Federal Appeals Court Rules Chicago-Area Student Had Right to Wear Anti-Gay T-Shirt to School


In a case that has been ongoing since 2006, the 7th Circuit Court of Appeals ruled yesterday that a student at Neuqua Valley High School in Naperville, Illinois had the right to wear a shirt that said "Be Happy Not Gay".

The Sun-Times reports:

The court had rejected Indian Prairie School District 204’s argument that school officials could prohibit students from wearing the shirts to prevent some students from having their feelings hurt.

In its opinion, the court said a “school that permits advocacy of the rights of homosexual students cannot be allowed to stifle criticism of homosexuality.”

“The school argued (and still argues) that banning ‘Be Happy, Not Gay’ was just a matter of protecting the ‘rights’ of the students against whom derogatory comments are directed,” the court said. “But people in our society do not have a legal right to prevent criticism of their beliefs or even their way of life.”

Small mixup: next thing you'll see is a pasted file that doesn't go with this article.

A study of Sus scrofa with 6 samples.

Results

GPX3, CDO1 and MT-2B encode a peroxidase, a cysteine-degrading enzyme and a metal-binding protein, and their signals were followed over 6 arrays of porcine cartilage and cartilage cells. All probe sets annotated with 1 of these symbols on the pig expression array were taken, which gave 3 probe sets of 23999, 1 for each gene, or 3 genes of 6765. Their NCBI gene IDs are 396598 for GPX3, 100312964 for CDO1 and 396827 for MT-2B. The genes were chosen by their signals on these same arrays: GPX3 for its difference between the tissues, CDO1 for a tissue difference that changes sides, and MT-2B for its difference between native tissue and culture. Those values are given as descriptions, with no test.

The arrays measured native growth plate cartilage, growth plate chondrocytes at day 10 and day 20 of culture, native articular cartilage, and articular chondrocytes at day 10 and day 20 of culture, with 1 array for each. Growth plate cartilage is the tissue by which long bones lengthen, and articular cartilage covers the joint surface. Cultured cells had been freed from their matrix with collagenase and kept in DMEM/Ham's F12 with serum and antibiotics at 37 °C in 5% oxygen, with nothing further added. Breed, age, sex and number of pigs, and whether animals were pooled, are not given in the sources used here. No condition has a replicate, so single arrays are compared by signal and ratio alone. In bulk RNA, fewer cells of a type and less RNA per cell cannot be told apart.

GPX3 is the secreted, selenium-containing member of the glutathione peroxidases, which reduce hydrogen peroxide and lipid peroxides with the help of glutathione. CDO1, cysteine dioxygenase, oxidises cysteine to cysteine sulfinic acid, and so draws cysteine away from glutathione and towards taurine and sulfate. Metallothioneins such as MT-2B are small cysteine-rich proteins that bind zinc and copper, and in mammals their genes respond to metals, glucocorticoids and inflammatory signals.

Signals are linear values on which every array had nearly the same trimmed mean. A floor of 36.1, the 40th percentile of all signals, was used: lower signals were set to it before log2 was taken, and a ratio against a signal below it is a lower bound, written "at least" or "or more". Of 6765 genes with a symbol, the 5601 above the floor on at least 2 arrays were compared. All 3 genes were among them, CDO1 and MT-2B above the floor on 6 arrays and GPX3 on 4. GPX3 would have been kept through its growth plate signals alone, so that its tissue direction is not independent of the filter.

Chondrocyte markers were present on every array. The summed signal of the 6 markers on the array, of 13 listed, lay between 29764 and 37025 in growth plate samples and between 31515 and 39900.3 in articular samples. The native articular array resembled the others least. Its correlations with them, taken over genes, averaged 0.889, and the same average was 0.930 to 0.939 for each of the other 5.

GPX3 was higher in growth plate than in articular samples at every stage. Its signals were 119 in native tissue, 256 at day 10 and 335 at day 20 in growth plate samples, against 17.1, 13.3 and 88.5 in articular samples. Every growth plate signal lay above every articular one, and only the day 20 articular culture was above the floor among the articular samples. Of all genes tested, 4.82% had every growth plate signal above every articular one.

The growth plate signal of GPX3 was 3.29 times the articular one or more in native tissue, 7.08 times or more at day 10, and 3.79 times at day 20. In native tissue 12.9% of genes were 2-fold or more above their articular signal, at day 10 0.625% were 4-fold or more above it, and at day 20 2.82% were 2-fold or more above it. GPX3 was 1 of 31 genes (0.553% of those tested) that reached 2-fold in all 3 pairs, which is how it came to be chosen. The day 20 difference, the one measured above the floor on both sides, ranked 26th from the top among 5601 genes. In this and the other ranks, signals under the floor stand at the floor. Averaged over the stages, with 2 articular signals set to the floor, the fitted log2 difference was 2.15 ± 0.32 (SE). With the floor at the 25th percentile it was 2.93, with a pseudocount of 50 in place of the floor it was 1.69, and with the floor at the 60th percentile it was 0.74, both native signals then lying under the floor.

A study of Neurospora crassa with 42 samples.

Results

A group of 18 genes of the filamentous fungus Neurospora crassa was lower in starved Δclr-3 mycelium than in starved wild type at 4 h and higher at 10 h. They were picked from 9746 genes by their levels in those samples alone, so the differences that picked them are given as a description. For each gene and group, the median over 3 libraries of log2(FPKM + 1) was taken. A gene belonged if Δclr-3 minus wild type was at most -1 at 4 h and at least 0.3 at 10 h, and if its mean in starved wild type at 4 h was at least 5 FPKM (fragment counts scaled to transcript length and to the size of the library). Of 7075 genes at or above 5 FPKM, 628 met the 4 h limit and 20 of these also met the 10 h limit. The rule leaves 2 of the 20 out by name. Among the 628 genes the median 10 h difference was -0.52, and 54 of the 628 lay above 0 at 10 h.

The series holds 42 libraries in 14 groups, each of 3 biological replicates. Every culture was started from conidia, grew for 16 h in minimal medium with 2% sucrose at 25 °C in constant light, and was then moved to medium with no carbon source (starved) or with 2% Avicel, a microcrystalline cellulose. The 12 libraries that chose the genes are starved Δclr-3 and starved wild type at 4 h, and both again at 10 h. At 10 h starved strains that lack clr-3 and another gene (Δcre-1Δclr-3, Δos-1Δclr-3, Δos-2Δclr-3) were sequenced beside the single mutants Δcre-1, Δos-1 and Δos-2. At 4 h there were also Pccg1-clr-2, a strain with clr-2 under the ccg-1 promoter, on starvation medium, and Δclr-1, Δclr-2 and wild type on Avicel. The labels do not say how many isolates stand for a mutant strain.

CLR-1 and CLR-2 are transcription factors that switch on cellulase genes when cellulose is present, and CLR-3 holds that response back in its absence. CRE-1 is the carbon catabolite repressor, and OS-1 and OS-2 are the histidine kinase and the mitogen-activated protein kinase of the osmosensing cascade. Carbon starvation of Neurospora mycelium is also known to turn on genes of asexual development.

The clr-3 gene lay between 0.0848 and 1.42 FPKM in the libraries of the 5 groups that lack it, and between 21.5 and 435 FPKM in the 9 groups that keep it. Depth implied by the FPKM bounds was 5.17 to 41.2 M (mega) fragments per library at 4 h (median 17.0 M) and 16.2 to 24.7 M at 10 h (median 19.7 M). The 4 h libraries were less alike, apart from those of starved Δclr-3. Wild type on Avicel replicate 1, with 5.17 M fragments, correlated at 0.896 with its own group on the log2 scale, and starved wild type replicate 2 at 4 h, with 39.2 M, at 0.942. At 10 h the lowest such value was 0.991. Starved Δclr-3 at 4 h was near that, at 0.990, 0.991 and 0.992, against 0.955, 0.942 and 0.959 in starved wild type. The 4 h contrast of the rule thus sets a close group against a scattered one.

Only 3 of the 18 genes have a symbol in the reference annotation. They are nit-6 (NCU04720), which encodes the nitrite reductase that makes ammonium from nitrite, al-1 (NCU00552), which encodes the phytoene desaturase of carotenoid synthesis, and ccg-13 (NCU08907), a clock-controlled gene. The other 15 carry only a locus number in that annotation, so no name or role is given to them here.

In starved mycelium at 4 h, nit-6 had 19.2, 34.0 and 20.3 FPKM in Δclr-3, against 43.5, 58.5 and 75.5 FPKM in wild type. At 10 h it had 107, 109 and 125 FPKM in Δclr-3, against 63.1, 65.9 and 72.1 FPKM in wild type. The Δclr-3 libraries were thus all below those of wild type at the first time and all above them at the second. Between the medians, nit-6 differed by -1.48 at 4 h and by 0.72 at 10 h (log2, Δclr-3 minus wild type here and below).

Heidi Zamecnik, a student at the time, wore the shirt in response to GLSEN's "Day of Silence" in which students take a vow of silence against bullying and in support of other LGBT students.

Regarding the condition of the shirt above:

The school’s dean demanded she remove it or be sent home for the day. After speaking with Zamecnik’s mother by phone, all agreed to change the shirt to read, “Be Happy, Be Straight.” However, the dean instead had a female counselor cross the words “Not Gay” off Zamecnik’s shirt so it simply read “Be Happy.”

The appeals court ruling overturns two previous rulings by lower courts.